Reboot of future disaster coverage

A statue of Christchurch founder John Robert Godley, smashed from its pedestal by the force of...
A statue of Christchurch founder John Robert Godley, smashed from its pedestal by the force of the February 22 Canterbury quake. PHOTO: MATTHEW HAGGART
Few will forget the events of September 4, 2010, and no-one will forget February 22 the following year: the Canterbury earthquakes.

Most significantly, of course, there was the appalling loss of life, but the damage was so widespread that more than 700,000 claims were eventually lodged.

New Zealand is unusual in having a universal residential property natural disaster insurance scheme, a backstop few people had given much thought to until the Earthquake Commission was tested to its limits and often found wanting.

Eleven years on, and with the 2013 Seddon earthquake and 2016 Kaikoura quake, which caused serious damage in Marlborough and Wellington offering robust supporting evidence, the Government this week moved to revitalise and reform the EQC system.

That task has fallen to Dunedin Labour MP David Clark, who was handed the normally relatively insignificant responsibility for the EQC in the post-election Cabinet and asked to bring about the reforms suggested by Dame Silvia Cartwright in her inquiry into the aftermath of the Canterbury quakes, as well as changes demanded by those who have wrestled with the EQC system over the past decade.

On Wednesday, Dr Clark introduced the Natural Hazards Insurance Bill to the House, 115 pages of legislation chock-full of all the intricacies you might expect laws governing how people should be compensated in the wake of a major disaster would require.

Although possibly not enough intricacies: both former Ilam MP Gerry Brownlee and current Kaikoura MP Stuart Smith, men who each know a fair amount about quake recovery, suggested in their speeches that there would be extensive debate on various proposed provisions at select committee.

Mr Smith might perhaps have got a bit over-excited by calling for the Bill to be amended to include meteor strikes in its list of hazards. Never say never I suppose, but if a meteor of a size significant enough to invoke natural hazards legislation hit New Zealand, Don’t Look Up has taught us we might have a few more pressing things to worry about.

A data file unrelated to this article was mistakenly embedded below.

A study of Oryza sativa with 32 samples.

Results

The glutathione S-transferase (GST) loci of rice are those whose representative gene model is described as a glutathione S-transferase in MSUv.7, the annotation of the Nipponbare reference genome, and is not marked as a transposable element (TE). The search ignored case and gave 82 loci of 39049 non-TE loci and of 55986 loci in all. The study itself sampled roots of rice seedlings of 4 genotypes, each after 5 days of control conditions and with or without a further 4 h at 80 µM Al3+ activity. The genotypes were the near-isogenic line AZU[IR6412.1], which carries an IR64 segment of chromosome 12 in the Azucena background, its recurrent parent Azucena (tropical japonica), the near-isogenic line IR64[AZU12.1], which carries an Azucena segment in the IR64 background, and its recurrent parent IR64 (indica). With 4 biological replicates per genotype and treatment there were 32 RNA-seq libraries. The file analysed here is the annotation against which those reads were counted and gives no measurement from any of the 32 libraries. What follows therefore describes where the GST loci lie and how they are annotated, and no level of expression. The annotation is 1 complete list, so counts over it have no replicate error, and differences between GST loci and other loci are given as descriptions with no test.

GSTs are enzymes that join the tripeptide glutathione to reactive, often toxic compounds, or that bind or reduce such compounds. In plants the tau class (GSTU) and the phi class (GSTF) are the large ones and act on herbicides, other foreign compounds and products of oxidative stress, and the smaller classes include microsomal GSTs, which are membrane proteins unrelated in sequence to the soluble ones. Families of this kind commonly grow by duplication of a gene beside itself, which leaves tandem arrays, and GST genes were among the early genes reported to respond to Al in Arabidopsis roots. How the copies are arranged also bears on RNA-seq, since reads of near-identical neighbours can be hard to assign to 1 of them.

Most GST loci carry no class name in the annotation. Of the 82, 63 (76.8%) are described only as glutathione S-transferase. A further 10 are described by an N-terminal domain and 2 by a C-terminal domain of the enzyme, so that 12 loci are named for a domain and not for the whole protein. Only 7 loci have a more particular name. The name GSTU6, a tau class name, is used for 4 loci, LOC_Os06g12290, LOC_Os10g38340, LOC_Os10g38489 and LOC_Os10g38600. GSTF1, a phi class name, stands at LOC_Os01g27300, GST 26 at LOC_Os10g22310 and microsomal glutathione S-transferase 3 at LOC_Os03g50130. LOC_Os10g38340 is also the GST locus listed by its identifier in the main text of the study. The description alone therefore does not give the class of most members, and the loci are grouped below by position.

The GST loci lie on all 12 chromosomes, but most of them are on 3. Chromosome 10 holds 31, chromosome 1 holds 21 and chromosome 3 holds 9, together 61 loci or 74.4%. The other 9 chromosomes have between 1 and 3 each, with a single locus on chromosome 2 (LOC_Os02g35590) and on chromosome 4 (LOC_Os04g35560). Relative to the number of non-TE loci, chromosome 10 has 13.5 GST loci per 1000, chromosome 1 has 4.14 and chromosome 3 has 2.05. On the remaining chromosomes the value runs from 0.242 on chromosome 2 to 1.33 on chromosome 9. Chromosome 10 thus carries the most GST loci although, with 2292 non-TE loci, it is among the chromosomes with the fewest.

David Clark
David Clark
The first change in the legislation might seem small but it is significant: EQC is to have its name changed to Toka Tu Ake — the Natural Hazards Commission, to better reflect its over-arching role in the recovery from many more disasters than simply earthquakes.

It also removes some of the more ridiculous arbitrary language in the current Act, such as its determination that a volcanic event only lasts two days.

Enshrined in the objectives of the new commission is that it is to ensure it manages and settles claims in "a fair and timely manner", something which the many homeowners who had to go to court to try to get their EQC claims settled will ardently hope actually comes to pass.

It also requires that the commission have an out-of-court dispute resolution process, something which hopefully would avoid the heartache the aforementioned dissatisfied homeowners had to go through.

The commission will continue to manage the Natural Disaster Fund, the pot of money from which it settles claims and review the insurance levy which largely funds it every five years.

The Kaikoura quake, so hot on the heels of Canterbury, raised legitimate questions whether the fund could cope if the old adage of troubles coming in threes happened to be the case, but neither can levies be so high that they prove to be a disincentive to taking out insurance.

What may well be the most contentious area to be considered by the select committee could be the cap on how much money the commission will provide to repair damage.

Currently it sits at $150,000, a number which has proven woefully inadequate to repair many quake-damaged homes, let alone houses damaged in recent flooding events such as in Southland and Tairawhiti.

Ingrid Leary
Ingrid Leary
As Mr Brownlee pointed out, $300,000 might not cover it either: "When you look at the cost of building these days, you look at the cost of the average home, and you look at the price of new builds, then you know that we’re possibly not even at the halfway point with that particular figure."

Dr Clark said that the Government had taken time to learn from the Canterbury experience to ensure that no-one needed to be traumatised again by the claims process.

"A huge amount of effort has gone into getting the technical detail right, to looking at how claims have been settled customarily, to ensure that the rules are clarified to the extent possible, to ensure that the process can be as simple as possible for those who are trying to recover in the face of a significant natural event."

Also weighing in during the debate was Taieri Labour MP Ingrid Leary, who one might have thought had parochial reasons for being interested in the Bill given major fault lines run right through her electorate.

However, Ms Leary’s interest was also deeply personal.

"On 22 February, 2011, Dr Dominic Bell, father of three, 45-year-old, larger-than-life character, who happened to be my brother’s best man at his wedding, went into the CTV Building, to his surgery there, and never came out alive."

As a member of the finance and expenditure select committee, which will consider the Bill following it being voted through unanimously at first reading, Ms Leary will be wrestling with the finer details of the legislation for some months to come.

But her opening statement hit the nail on the head: while insurance may seem a bit dull, in this context it is about what is fundamentally the most important thing to people: the happiness of their home and the security of their family.

All of which makes this a very important Bill to get right.